PARIS: Devastating economic figures poured in Friday as nations counted the cost of their efforts to contain the coronavirus pandemic, even as fresh spikes forced many countries including Britain to put the brakes on a return to normality.

Six months after the World Health Organization (WHO) declared a global emergency, the novel coronavirus has infected more than 17 million people, with global daily cases now approaching the 300,000 mark. The impact is being felt in every sphere of life, with elections postponed in Hong Kong - the latest blow to its democracy activists - and the annual Muslim Hajj pilgrimage in Saudi Arabia performed with reduced numbers. The sacred Hajj pilgrimage in Saudi Arabia has been held with some 10,000 Muslim faithful allowed, instead of the roughly 2.5 million that attended last year.

In a sign of the terrible trade-offs being forced on governments, Britain imposed new lockdowns in several northern counties on Friday, just as Western Europe announced historic economic slumps that would have been unthinkable at the start of the year.

France's economy contracted by 13.8 percent in the April-June quarter, mirroring similar devastation in Spain (18.5 percent), Portugal (14.1 percent) and Italy (12.4 percent). Europe as a whole saw GDP fall by 12.1 percent in the eurozone and 11.9 percent across the Union bloc.

"It is a shocking drop, but completely understandable as the economy was shut for a considerable period," said Bert Colijn, senior economist at ING Bank.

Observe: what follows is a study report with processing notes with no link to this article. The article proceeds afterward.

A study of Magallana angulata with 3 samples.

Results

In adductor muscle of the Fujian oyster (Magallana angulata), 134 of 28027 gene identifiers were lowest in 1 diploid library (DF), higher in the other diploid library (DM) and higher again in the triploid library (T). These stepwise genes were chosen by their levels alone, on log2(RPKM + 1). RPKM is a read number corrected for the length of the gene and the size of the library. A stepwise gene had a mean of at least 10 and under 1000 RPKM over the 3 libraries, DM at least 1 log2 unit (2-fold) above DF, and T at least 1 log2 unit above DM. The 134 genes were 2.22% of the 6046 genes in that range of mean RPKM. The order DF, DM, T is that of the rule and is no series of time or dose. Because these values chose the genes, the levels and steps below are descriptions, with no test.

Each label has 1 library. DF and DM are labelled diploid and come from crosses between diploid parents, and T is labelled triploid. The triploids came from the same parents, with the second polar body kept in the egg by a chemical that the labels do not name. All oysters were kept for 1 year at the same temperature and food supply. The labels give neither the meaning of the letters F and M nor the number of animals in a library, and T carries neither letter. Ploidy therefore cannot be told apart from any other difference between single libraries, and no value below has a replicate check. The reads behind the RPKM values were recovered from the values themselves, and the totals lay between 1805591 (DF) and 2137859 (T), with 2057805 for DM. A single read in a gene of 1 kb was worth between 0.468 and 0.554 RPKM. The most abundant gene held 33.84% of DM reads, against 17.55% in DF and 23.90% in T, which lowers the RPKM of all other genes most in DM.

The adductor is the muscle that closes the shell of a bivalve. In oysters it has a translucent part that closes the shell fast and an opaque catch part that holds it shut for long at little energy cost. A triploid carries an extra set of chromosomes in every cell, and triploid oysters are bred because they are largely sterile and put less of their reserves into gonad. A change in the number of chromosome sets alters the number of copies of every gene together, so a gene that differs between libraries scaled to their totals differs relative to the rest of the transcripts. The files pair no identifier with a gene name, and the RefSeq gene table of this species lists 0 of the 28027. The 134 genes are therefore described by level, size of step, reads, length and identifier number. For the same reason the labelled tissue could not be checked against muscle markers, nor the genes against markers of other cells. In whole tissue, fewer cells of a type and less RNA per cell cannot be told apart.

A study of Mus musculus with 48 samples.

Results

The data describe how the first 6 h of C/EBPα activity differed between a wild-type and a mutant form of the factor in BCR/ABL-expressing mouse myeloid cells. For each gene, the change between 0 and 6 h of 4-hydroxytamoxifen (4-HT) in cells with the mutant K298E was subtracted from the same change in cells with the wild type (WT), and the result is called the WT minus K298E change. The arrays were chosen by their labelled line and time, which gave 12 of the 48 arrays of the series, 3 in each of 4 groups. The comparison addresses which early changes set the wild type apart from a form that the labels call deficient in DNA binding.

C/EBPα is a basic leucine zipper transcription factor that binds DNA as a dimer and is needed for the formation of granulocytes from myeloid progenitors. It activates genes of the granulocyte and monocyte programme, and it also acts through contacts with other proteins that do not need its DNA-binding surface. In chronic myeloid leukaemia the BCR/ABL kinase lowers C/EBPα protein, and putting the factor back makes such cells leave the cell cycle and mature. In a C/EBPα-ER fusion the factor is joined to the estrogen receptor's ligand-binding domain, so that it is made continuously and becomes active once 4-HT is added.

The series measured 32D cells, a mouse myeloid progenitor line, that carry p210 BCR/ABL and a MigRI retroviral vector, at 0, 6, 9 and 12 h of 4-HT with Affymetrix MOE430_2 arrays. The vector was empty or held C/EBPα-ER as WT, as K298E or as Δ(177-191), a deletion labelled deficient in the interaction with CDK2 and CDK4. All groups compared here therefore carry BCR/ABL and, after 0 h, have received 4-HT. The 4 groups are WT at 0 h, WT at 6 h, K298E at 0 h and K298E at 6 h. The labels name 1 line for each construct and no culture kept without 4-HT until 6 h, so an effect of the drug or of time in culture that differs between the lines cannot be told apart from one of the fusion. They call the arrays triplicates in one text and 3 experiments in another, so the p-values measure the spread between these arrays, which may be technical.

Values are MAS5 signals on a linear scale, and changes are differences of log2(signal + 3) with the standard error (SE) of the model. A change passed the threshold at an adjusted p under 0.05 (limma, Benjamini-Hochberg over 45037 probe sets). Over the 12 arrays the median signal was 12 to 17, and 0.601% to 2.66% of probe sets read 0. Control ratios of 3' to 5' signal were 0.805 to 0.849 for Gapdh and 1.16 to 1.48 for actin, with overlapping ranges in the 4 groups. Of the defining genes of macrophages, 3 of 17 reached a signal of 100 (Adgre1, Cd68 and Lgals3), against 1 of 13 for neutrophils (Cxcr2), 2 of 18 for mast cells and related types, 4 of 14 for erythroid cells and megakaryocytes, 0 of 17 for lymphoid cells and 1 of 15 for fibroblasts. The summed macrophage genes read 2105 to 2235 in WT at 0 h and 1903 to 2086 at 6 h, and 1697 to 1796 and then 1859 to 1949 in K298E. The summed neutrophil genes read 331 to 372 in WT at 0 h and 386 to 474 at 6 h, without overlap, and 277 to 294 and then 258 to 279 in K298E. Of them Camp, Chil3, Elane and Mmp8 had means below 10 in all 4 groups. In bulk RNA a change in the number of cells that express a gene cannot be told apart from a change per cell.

One sector that is not struggling is pharmaceuticals, as the world pins its hopes on the race for a vaccine. Pharma giants Sanofi and GSK announced they will receive up to $2.1 billion from the US government for the development of a Covid-19 vaccine. And the US-German pharma team-up of Pfizer and BioNTech signed a deal with Japan to provide 120 million doses of their potential vaccine. They kept the size of the deal under wraps, but the US government recently put the cost of 100 million doses from those firms at almost $2 billion.

But many businesses are in freefall, with airline conglomerate IAG, the owner of British Airways, posting a first-half net loss of 3.8 billion euros ($4.5 billion) and UK bank NatWest sliding into the red, while Dutch airline KLM and truck makers Scania said they were each shedding 5,000 jobs.

It comes a day after the United States - the world's hardest-hit nation and its biggest economy - posted a second-quarter fall of 9.5 percent compared with the same period a year ago, the worst it had ever recorded.

While strict European lockdowns were effective in bringing cases and deaths under control, an uptick in cases means the restrictions are far from over, even if they have become more localised and specific.

Britain was the latest to impose new measures on Friday, banning different households from meeting indoors across Greater Manchester, and parts of Lancashire and Yorkshire.

Britain also delayed plans to reopen casinos, bowling alleys and skating rinks, due to begin on Saturday, while also putting off plans to resume indoor performances and larger stadium crowds.

Germany added three northern Spanish regions to its list of high-risk destinations, including the tourist hotspots of Barcelona and the beaches of the Costa Brava, meaning anyone arriving from those areas will have to produce a negative coronavirus test or go into quarantine for 14 days.

Denmark reversed its stance on face masks, recommending them on public transport just days after saying they did not "make sense in the current situation."

The UN health agency's emergency committee was to meet for a fourth time Friday to assess the raging pandemic and its status as a public health emergency of international concern (PHEIC) - WHO's highest level of alarm.

Meanwhile, Vietnam recorded its first coronavirus death on Friday as the pandemic rebounds in a country that had previously been praised for stubbing out the contagion. And Hong Kong said it would delay local elections planned for September because of a virus surge - the latest in a string of bad news for democracy activists.